For those of you who haven’t been following big global news that shook the world, #Brexit happened.
‘Brexit’, as it has become known on news, social media and everywhere else, is the decision of the UK to leave the European Union. This landmark decision was taken off the back of a nationwide referendum that ended with 52% of the UK’s populace who voted to leave the European Union and all the benefits and pitfalls that go with. The UK chose to stop being a part of that economically motivated political coming together of 28 member states in Europe way back in June 2016.
There has been a lot of speculation regarding the potential fall-out of this momentous choice, and a lot of it is conflicting. For example, The Week reports on one hand that “One million EU nationals ‘risk deportation’ after Brexit,” and on the other hand the same publication carries another story, no later than two days after the earlier one with the headline “Brexit ‘may never happen’, claims Polish foreign minister.”
Furthermore, there is even ambiguity about how much time it will take for Brexit to come in effect, currently Britain are still a part of the European union. The actual split is expected to come to fruition in the next 3-5 years based on various reports. What is undeniable is that whenever it does finally happen Brexit will definitely have an impact on all aspect of economy and politics in the UK. The UK’s extensive VFX industry will also be affected by the nation’s choice to leave the EU, as will the entertainment industry as a whole.
Restrictions on movement of labour
One of the biggest advantages that the UK will forego after bowing out from the EU is the free, unrestricted movement of labour among the EU states. Despite noises coming out from political circles in the UK that claim that a deal will be worked out with the EU regarding this, and that the ramifications won’t be as harsh as people are making them out to be, there is no denying that there will be an increase in the restriction of movement for the citizens of the UK to the rest of the EU, after all, you can’t have your cake and eat it, too.
This will definitely affect the visual effects industry. The fluidity with which studios from the UK and Europe current collaborate will take a severe hit. These collaborations help diversify the workforce on large projects and boost the ability for studios to meet deadlines, and will definitely be affected by this move. Furthermore, even the movement of UK-based VFX talent will take a hit. Today, talented VFX artists are engaged by big European firms to fly over and contribute to projects, but in the future, the increased levels of bureaucracy and potential increase in expenditure incurred to make a move like this might just dissuade them from doing so.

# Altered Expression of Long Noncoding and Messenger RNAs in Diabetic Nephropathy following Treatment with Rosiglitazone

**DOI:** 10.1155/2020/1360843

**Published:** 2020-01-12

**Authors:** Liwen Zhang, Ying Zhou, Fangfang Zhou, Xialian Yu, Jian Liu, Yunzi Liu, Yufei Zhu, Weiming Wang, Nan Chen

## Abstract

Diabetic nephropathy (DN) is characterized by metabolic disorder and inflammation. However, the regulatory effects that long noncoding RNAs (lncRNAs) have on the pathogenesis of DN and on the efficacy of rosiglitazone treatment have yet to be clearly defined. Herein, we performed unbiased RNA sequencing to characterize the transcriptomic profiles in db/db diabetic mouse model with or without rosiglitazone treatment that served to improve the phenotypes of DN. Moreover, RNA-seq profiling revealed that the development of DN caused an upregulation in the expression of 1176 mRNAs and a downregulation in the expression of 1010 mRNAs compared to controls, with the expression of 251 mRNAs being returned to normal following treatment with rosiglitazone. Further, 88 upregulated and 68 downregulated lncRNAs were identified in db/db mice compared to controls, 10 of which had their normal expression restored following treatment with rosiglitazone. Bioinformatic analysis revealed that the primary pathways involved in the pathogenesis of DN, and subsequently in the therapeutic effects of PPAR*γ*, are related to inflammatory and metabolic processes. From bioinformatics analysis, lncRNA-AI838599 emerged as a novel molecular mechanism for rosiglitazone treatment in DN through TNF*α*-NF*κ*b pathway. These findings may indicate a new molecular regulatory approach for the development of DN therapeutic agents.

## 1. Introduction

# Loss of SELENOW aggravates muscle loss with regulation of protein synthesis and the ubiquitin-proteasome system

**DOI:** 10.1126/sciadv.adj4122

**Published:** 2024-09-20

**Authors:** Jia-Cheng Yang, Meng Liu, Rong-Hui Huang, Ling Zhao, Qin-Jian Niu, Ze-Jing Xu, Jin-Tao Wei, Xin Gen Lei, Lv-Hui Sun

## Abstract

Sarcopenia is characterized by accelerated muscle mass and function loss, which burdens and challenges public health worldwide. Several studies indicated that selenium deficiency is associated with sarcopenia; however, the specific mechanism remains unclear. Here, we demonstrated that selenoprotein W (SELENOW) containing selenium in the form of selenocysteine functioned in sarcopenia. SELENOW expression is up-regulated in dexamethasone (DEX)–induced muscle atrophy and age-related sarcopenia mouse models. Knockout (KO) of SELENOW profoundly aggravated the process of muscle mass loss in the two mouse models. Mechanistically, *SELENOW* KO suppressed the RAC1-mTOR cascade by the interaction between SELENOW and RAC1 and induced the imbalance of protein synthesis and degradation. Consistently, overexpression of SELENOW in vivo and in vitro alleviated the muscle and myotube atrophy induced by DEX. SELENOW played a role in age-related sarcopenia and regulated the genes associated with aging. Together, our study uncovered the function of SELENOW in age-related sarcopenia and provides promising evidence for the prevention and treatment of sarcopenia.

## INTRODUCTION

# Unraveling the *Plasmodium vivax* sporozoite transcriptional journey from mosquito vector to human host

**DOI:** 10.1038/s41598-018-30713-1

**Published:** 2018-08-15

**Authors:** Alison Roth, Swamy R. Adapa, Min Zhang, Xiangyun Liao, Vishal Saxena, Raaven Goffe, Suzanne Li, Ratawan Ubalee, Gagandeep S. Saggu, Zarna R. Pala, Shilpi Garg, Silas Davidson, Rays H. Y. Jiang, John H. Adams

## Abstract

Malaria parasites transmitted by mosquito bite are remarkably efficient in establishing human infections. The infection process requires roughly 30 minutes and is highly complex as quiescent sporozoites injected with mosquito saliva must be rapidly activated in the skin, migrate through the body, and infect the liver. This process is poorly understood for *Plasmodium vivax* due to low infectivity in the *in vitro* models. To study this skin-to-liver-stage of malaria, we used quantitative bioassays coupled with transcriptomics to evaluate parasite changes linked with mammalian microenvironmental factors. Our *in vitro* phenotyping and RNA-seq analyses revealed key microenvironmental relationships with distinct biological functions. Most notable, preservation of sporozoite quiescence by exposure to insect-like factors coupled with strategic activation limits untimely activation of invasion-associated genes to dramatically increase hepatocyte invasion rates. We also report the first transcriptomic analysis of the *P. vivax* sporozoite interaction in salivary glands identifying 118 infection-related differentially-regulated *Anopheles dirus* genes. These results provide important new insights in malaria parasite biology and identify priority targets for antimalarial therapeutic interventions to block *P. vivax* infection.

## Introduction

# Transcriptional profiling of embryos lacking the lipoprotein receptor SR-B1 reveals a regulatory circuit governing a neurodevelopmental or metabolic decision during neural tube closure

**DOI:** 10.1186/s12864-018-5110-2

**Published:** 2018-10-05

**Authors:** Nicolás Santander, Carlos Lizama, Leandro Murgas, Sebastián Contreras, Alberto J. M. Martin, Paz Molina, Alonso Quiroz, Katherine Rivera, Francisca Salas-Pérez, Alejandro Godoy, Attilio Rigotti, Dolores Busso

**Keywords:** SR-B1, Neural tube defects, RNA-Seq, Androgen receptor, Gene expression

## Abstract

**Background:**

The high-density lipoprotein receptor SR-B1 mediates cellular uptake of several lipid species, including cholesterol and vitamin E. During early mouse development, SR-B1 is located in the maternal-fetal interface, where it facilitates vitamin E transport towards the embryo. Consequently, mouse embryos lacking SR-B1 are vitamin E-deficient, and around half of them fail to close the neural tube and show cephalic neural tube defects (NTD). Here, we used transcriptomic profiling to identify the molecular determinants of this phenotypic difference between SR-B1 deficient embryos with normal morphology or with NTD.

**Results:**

Devaluation of currency
The devaluation of the Pound has already begun, and financial experts expect it to stay at this lower value level for a long time to come. The actual split will cause even more financial instability, however, the actual loss of value of the pound could work in the favour of UK based studios.
The lower value of the pound could make these studios an attractive proposition for overseas producers from the US for example in terms of investment and the value they would receive on the favourable exchange rate.
Funding and European Regional Development Fund
The ERDF and other such funding tools have been set up by the EU to help develop certain regions of the union that are falling back economically, and allow small and medium companies access to greater amounts of financing for future ventures.
Post Brexit, VFX companies and film productions from the UK will no longer be allowed to access these funds and swell their coffers. This will of course lead to lower investment and less expansive contracts for VFX artists and companies in the UK.
Removal of restrictions for other subsidies
There are restrictions on subsidies companies from member nations of the EU can offer to clients from outsider countries as of today. Studios from Hollywood for example will always look out for these subsides so that they have a positive effect on their film budgets, but with the restrictions on these subsidies, VFX companies do lose out on contracts. Furthermore, the EU currently reviews subsidies offered on film projects every few years, something that will not be an issue post Brexit.
At Toolbox Studio, an Animation and VFX studio in India, we believe that Brexit will have a palpable impact on the VFX scene in the UK. Whether that is a positive or negative one overall, only time will tell, because by the looks of things, the VFX industry in the UK stands to both lose and gain out of the decision to part ways with the EU.